Author Topic: Vertical hit and miss engine  (Read 10183 times)

Offline Art K

« Reply #240 on: September 06, 2019, 03:31:14 AM »
Brian,
Good to hear that you dieted hard and lost 30Ibs, that is impressive. If I lost that much I'd weigh about what I did when I graduated from high school. I enjoyed the video of the hit & miss at work. I could picture you doing that half the day watching it go up & down. :lolb:
Art
« Last Edit: September 08, 2019, 11:09:20 PM by Art K »
"The beautiful thing about learning is that no one can take it away from you" B.B. King

Online Brian Rupnow

« Reply #241 on: September 08, 2019, 05:32:29 PM »
After much playing about with this engine, under both load and no load conditions, I have come to notice this phenomenon that I have seen before on other hit and miss engines. When the engine is running very slowly, with a good number of "misses" between "hits", the fuel in the line running to the carburetor wants to all run back down in to the tank during long "miss" cycles. Then when it finally does "hit" again, there is no fuel at the carb and the engine stops. I use clear neoprene gas line, and I can see it doing this. The answer of course is my venerable one way valve, as shown in the .jpg. This one way valve only works well in the vertical position, and the best location is immediately below the carburetor fuel inlet. Experience has shown that a 3/32" diameter ball is the optimum size. If the ball is larger, the venturi vacuum from the carburetor may not be strong enough to lift the ball consistently.
« Last Edit: September 08, 2019, 05:36:46 PM by Brian Rupnow »

Online Brian Rupnow

« Reply #242 on: September 08, 2019, 08:17:17 PM »
That fixed it!! You can see it setting directly below the carburetor fuel inlet. (there really isn't much to see, because the gas-line pushes on from both ends of it). Now when the engine is on "miss" cycles, the fuel doesn't run back from the carburetor at all. The engine starts a lot easier too, with much less manual choking.--Also of interest to some will be the gear reducer with the piece of tape on the output shaft. I built that reducer about ten years ago, using gears from a couple of dead electric drills. It has an 8:1 overall ratio. That reducer was built back before I purchased my own complete set of 24DP gear cutters.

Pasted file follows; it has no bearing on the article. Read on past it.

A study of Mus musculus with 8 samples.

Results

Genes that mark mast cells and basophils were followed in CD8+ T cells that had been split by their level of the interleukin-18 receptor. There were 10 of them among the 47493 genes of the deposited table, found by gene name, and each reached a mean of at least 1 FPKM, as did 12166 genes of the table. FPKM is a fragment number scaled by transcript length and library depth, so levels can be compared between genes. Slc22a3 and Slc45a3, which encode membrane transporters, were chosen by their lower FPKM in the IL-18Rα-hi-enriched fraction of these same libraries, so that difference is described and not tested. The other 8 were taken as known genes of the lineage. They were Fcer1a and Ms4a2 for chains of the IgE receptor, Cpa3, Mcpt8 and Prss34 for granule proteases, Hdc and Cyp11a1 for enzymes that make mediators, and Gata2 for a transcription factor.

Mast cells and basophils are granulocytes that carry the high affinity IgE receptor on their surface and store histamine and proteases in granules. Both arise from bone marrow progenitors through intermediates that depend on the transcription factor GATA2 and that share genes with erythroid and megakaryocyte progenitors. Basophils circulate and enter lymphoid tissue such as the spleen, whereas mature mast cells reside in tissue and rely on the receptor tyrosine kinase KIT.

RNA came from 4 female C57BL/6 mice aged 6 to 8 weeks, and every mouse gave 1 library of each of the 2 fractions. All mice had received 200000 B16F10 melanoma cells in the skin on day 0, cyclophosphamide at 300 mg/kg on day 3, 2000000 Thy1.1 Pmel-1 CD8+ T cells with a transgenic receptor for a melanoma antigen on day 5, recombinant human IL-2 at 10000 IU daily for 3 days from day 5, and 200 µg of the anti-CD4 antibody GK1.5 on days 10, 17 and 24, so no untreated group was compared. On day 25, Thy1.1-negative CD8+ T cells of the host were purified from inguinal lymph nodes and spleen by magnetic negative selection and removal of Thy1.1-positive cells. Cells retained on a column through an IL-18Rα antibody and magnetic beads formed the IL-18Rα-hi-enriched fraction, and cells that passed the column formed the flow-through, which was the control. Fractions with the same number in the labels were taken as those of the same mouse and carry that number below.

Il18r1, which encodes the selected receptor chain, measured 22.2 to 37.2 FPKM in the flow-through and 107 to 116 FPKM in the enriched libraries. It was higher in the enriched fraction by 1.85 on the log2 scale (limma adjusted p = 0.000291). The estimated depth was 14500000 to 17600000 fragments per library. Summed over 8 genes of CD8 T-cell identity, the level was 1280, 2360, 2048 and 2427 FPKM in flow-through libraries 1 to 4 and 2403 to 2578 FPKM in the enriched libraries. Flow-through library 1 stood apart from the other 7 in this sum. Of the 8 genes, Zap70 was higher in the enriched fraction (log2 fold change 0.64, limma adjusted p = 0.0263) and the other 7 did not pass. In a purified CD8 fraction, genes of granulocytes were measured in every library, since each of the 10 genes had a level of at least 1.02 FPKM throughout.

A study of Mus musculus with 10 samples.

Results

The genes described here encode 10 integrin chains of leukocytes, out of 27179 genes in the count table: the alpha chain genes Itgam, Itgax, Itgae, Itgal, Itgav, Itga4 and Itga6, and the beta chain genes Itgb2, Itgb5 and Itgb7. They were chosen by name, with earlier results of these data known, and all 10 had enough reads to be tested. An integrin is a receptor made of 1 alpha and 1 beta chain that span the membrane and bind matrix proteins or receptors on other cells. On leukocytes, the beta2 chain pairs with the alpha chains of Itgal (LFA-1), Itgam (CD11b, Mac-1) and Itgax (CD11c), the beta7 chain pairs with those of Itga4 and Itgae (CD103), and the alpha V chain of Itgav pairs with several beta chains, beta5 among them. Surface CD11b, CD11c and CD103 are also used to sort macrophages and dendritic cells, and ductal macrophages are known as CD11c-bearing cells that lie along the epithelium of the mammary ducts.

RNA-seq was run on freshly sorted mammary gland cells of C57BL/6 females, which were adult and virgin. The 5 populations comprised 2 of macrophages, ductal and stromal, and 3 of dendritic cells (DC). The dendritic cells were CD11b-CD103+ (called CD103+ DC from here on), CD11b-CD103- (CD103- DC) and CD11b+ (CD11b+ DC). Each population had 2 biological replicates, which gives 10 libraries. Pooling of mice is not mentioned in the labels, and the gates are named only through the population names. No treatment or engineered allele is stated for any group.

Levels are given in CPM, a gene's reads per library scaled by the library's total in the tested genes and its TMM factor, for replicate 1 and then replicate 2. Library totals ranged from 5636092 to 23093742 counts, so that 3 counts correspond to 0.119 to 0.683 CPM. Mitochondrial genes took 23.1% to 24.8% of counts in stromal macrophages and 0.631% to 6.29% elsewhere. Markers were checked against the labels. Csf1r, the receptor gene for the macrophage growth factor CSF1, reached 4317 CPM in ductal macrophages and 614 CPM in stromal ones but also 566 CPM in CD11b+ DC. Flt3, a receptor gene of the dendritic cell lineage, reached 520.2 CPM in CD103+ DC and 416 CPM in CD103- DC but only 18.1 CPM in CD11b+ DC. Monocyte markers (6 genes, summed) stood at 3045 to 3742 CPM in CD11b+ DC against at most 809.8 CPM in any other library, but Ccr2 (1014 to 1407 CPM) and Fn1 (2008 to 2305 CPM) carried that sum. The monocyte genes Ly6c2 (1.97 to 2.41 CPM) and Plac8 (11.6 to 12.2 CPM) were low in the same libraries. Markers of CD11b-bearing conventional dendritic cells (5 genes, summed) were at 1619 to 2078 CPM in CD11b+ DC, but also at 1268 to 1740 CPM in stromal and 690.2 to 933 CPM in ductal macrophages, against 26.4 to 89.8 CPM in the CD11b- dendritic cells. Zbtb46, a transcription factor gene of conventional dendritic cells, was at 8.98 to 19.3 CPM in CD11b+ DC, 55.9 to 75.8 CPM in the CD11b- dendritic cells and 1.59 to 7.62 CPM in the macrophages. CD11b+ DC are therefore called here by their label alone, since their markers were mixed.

Offline Ye-Ole Steam Dude

« Reply #243 on: September 09, 2019, 09:05:08 AM »
Hello Brian,

Great job on the overall design and build on this engine. Watching the last video I really like the sound when running without the "miss", sounds smooth and strong.

Have a great day,
Thomas

Online Brian Rupnow

« Reply #244 on: September 11, 2019, 10:19:09 PM »
One of the people building the engine from my plans has discovered an error in the con rod drawings. I will be sending new corrected drawings of the con rod and cap out to all who purchased the plans later this evening.---Brian

Online Brian Rupnow

« Reply #245 on: September 11, 2019, 11:19:16 PM »
For those of you who are building this engine-----The crankshaft endplay ends up being controlled externally by the ignition cam on one side and by the small bevel gear on the other side. My original plan was to have it controlled on the inside by having the two registers on each side of the crank-throws riding against the ball bearings. There are enough accumulated tolerances to make this a very iffy thing. The real story is that the crankshaft is centered by the con rod, which is positioned by the piston, riding in the bore of the cylinder which is bolted to the crankcase.  Originally I had made no provision on the crankshaft for the sideplate gaskets. Then when I went to assemble everything and seen exactly how the crankshaft was being centered as explained above, I was glad that I had left that
.030" clearance on each side of the crank throws to the ball bearings. You may find that you have to put a small spacer washer between the small bevel gear and the shoulder on the crankshaft. That is something that you won't know if you need or not until final assembly.